The Allman Brothers Band

SPAC Savors the Allman Brothers Band

By: Mike Curtin
For: The Post Star

SARATOGA SPRINGS – As the Saratoga Performing Arts Center enters its fifth decade of pop music presentations, the Allman Brothers Band has become its most regular, and maybe most welcome, visitors.

Not Santana, not Steve Miller, not even Chicago has played the Saratoga Springs park with such unerring frequency as these lords of Southern rock, with near-yearly appearances since their resurgence in the early ’90s, and God knows how many more before.

On Sunday, one of rock’s most durable institutions returned to perform before a more-than-healthy gathering of 13,000.

With little else scheduled on the Deadhead front until later this fall (when Phil Lesh brings his band to the Glens Falls Civic Center), and the Allmans’ more grizzled admirers being way too old for Dave Matthews’ show later this month, Sunday was an evening for jam band fans to savor seven hours of top-shelf rock, blues and soul – a melange that has been America’s prime musical export since the 1960s.

For those who abhor the sound of the slide guitar, the corner of Route 50 and Avenue of the Pines was not the place to be.

The Allmans’ guitarists, Warren Haynes and Derek Trucks, wailed like banshees on material both homegrown and drawn from the the grand artists of the last century.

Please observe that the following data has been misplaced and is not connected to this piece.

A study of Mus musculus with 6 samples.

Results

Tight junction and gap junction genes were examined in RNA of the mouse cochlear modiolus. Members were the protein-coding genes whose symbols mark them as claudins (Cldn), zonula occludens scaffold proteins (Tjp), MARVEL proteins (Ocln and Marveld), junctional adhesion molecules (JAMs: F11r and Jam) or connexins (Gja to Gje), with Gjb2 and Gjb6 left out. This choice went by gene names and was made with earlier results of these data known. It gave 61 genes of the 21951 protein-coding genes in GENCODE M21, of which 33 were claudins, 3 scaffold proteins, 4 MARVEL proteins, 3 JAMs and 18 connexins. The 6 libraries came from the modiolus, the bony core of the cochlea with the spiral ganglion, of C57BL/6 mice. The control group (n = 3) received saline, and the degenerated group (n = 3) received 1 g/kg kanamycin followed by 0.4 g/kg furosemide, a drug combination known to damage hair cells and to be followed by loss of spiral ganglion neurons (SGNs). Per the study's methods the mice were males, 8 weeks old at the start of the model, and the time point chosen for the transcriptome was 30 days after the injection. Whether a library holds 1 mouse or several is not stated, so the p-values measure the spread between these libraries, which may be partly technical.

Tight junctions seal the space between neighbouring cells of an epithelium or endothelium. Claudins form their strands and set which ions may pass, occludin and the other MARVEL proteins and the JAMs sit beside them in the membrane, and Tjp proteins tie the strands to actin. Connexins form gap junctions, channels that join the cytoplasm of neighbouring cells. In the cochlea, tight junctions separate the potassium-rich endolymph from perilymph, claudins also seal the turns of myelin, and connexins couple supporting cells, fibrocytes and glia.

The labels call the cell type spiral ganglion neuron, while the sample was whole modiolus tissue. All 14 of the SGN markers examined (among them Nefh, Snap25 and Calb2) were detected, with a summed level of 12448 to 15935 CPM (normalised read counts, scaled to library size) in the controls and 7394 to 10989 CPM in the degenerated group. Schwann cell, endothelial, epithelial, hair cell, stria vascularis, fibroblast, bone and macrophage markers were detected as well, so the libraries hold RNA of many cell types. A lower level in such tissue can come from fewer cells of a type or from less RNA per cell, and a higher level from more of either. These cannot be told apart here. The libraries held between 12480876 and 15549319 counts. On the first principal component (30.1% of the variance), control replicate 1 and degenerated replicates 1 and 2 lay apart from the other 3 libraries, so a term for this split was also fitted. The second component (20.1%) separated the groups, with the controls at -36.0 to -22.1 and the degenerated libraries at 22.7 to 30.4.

Bob Dylan’s “Highway 61 Revisited,” Robert Johnson’s “Come On In My Kitchen” and old Allman staples like “Statesboro Blues” were launching pads for searing solo after searing solo, as each tried to top the other in a friendly “cutting contest” where the ultimate winners were the fans themselves.

At midset, the band was joined by guitarist Luther Dickinson of the North Mississippi All-Stars, with the new kid providing enough sparks to claim a possible role in future Allman line-ups.

But not now. The group’s current roster – Haynes and Trucks, founders Gregg Allman, drummers Jaimoe Johanson and Derek’s uncle Butch Trucks, longtime percussionist Mark Quinones and bassist Oteil Burbridge -represent the longest-lasting of any of its incarnations, and provided a firm footing for Gregg’s impassioned vocals on “It’s Not My Cross to Bear” and “End of the Line.”

The exuberant instrumental “Jessica,” from the group’s 1973 album, “Brothers and Sisters,” was saved for the encore.

For the oldest fans, there was still something lacking – no “Blue Sky,” no “Ramblin’ Man,” no Dickey Betts, although ironically the former Allman guitarist will bring his own band Wednesday to the Empire State Plaza in Albany for a free show.

Lingering animosities still keep the the warring camps apart, but what remains is an ensemble with an embarassment of riches and the zeal to still perform at the top of its game.

The North Mississipi All-Stars provided plenty of fireworks during its hour set, which brought an impressive crowd down from the lawn and beer tent.

Led by brothers Luther and Cody Dickinson (sons of famed Memphis music master James Dickinson), the triad put its own spin on the classic power trio sound of the late ’60s. “Hear My Train a-Comin’” was played with a Jimi Hendrix-like ferocity; bassist Chris Chew shone on a buoyant take of Al Green’s “Love and Happiness”; and the band’s original compositions showed a solid knowledge of New Orleans second-line rhythms.

Opening were Alligator recording artists JJ Grey and Mofro.